Ballot Theorem – 3 (26/365)

In the last post I showed how to count the number of valid vote sequences given that candidate A ends up with only one extra vote over candidate B. In general, candidate A may end up with n+k votes. How do the counts change?

In terms of balanced parantheses this means we have k extra open parantheses to make use of. Let’s say n=3 and k=3 then

  1. There are C_3 ways to arrange 3 votes for each candidate

  2. For each of the C_3 valid ways we can insert an extra open paranthesis in 7 possible places. After this, we can insert the next extra open paranthesis in 8 possible places. So, we now have 8 \times 7 \times C_3 arrangements.

  3. The last extra parantheses we know we have to place it at the beginning. But there are k choices for the first paranthesis. So now have 3 \times 8 \times 7 \times C_3 possible arrangements.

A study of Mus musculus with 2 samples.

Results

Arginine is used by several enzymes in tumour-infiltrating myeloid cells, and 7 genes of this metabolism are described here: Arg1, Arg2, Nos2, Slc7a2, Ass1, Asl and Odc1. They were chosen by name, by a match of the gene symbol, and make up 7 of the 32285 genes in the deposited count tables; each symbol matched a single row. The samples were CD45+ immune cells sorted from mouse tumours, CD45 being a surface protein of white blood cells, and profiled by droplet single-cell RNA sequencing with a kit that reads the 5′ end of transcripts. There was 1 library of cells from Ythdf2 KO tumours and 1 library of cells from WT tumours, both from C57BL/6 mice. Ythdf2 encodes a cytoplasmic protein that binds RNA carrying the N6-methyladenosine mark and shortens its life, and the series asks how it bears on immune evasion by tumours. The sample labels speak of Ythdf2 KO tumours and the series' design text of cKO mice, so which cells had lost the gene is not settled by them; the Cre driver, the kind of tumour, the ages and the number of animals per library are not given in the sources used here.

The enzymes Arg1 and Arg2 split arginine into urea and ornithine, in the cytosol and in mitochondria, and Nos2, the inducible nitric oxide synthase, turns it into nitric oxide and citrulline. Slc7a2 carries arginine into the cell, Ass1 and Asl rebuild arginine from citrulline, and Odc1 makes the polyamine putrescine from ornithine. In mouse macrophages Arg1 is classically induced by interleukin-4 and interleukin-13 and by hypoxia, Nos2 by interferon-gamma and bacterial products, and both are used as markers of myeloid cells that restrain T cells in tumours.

4. Finally, since the extra parantheses are also indistinguishable we have to divide by (8!)(7!).

Thus the number of ways to arrange n+k votes for candidate A and n votes for candidate B where candidate A always has the higher number of votes is

\displaystyle  \frac{k \times (n+k-1)\times \dots \times (n+1)}{(n+k)\times \dots \times (n+2)} \times \frac{(2n)!}{(n+1)!n!} = \frac{k(n+k-1)!}{(n+k)!n!}

The probability that candidate A always has the higher number of votes than candidate B and ends up with a and b votes respectively is

\displaystyle  \frac{(a-b)(a+b-1)!}{(a+b)!n!} \div \frac{(a+b)!}{(a+b)!n!} = \frac{a-b}{a+b}

We have in fact arrived at the solution without the use of martingales. Next time, let’s see why this example is used in the chapter on martingales.